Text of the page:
PROVIDING FOR FURTHER CONSIDERATION OF H.R. 1728, MORTGAGE REFORM AND ANTI-PREDATORY LENDING ACT -- (House of Representatives - May 07, 2009)


I refer Members again to page 183 of the bill, the amendment authored by the gentleman from Texas (Mr. Hensarling), which notes that in 2004, the year after I made the statement, the Bush administration ordered Fannie Mae and Freddie Mac substantially to increase the number of mortgages it bought from low-income people. It went from 42 percent to 56 percent--a very significant increase in mortgages of people below median income--and set up a special category for low-income mortgages.

As Mr. Hensarling's amendment also shows, from 2001 until 2006 there was an enormous increase in subprime mortgages.

So, yes, in 2003, I was not aware of what was going on in that context, and I certainly didn't predict what was going to happen in 2004. When the Bush administration made that decision in 2004, according to the amendment from the gentleman from Texas (Mr. Hensarling), I objected to it. I said they were going to put Fannie Mae and Freddie Mac in danger and give people mortgages they couldn't pay back.

I then decided that we did need to do legislation. So I joined the chairman of the committee, Mr. Oxley, in trying to regulate Fannie Mae and Freddie Mac more.

In 2005, I voted with him for a bill that passed the committee to regulate Fannie Mae and Freddie Mac. I disagreed with the version on the floor because it cut affordable rental housing, not homeownership.

But the bill passed the House. It then died because, according to Mr. Oxley, the Bush administration opposed it for ideological reasons.

So, yes, in 2003 I didn't see a crisis, because I didn't see what was happening in the subprime market; by 2004, I did; and, in 2005, I joined in trying to restrain that. It is also the case that, in 2003, two of my colleagues, Mr. Miller and Mr. Watt of North Carolina, began pushing for subprime reform because they were informed about what was happening. I joined them. So we did try to legislate. So the answer is yes, in 2003 we didn't see what was happening.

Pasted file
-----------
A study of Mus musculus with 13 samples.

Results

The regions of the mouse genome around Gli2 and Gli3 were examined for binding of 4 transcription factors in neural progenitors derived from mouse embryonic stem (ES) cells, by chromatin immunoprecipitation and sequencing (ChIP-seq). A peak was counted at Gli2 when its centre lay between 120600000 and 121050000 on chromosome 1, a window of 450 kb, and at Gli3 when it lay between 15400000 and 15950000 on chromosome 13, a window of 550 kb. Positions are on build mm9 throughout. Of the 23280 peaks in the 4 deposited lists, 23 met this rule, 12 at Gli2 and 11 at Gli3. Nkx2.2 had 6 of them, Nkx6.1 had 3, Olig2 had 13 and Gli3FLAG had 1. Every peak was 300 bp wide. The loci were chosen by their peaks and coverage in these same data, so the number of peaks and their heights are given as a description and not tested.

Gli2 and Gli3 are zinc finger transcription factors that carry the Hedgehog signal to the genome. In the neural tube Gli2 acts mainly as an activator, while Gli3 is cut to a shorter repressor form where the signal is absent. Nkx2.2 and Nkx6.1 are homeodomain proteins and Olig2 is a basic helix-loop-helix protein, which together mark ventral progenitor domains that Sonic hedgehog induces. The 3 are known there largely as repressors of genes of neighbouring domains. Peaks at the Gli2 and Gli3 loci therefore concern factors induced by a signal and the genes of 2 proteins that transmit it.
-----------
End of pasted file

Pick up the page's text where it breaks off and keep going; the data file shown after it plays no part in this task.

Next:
I commend Members again to page 183 of the bill. Mr. Hensarling from Texas had given you the statistics. Subprime mortgages were skyrocketing in that period. Fannie Mae was being pushed by the Bush administration to do something, and we then tried to deal with it.

The last point that I find very surprising is that conservatives say here, as some of them said on credit cards: Oh, no, do not have the elected representatives of America decide this; let the Federal Reserve make public policy. I had thought there was some concern about undemocratic decisions by the Federal Reserve.

The gentleman from Texas has said today, as others said last week: Oh, the Federal Reserve has done it. There is no need for the elected officials to do it. Well, in fact the Federal Reserve hasn't done anything because they cannot change statute. But even if they had, they could change it in the future. But the notion that we should defer on major policy decisions, not technical monetary policy issues but major policy decisions about credit cards or about what kind of mortgages we issue to the Federal Reserve, and not legislate is surprising.

The SPEAKER pro tempore. The time of the gentleman has expired.

Mr. CARDOZA. I yield the gentleman an additional 30 seconds.

Mr. FRANK of Massachusetts. I admire the people at the American Bankers Association, and they do some useful things. But I am surprised that Members would think that, on the question of mortgage relief and regulating the mortgage market, the bankers of America are the ones to listen to. I am pleased that the Realtors, who do not have an economic interest in what kind of mortgages are there but have a genuine interest in promoting home ownership, are on our side and strongly support this bill.

So I would say to my friends and the American bankers, I understand that there are things here that we are telling you that you can't keep doing, but I think the answer is that they were things you shouldn't have done in the first place.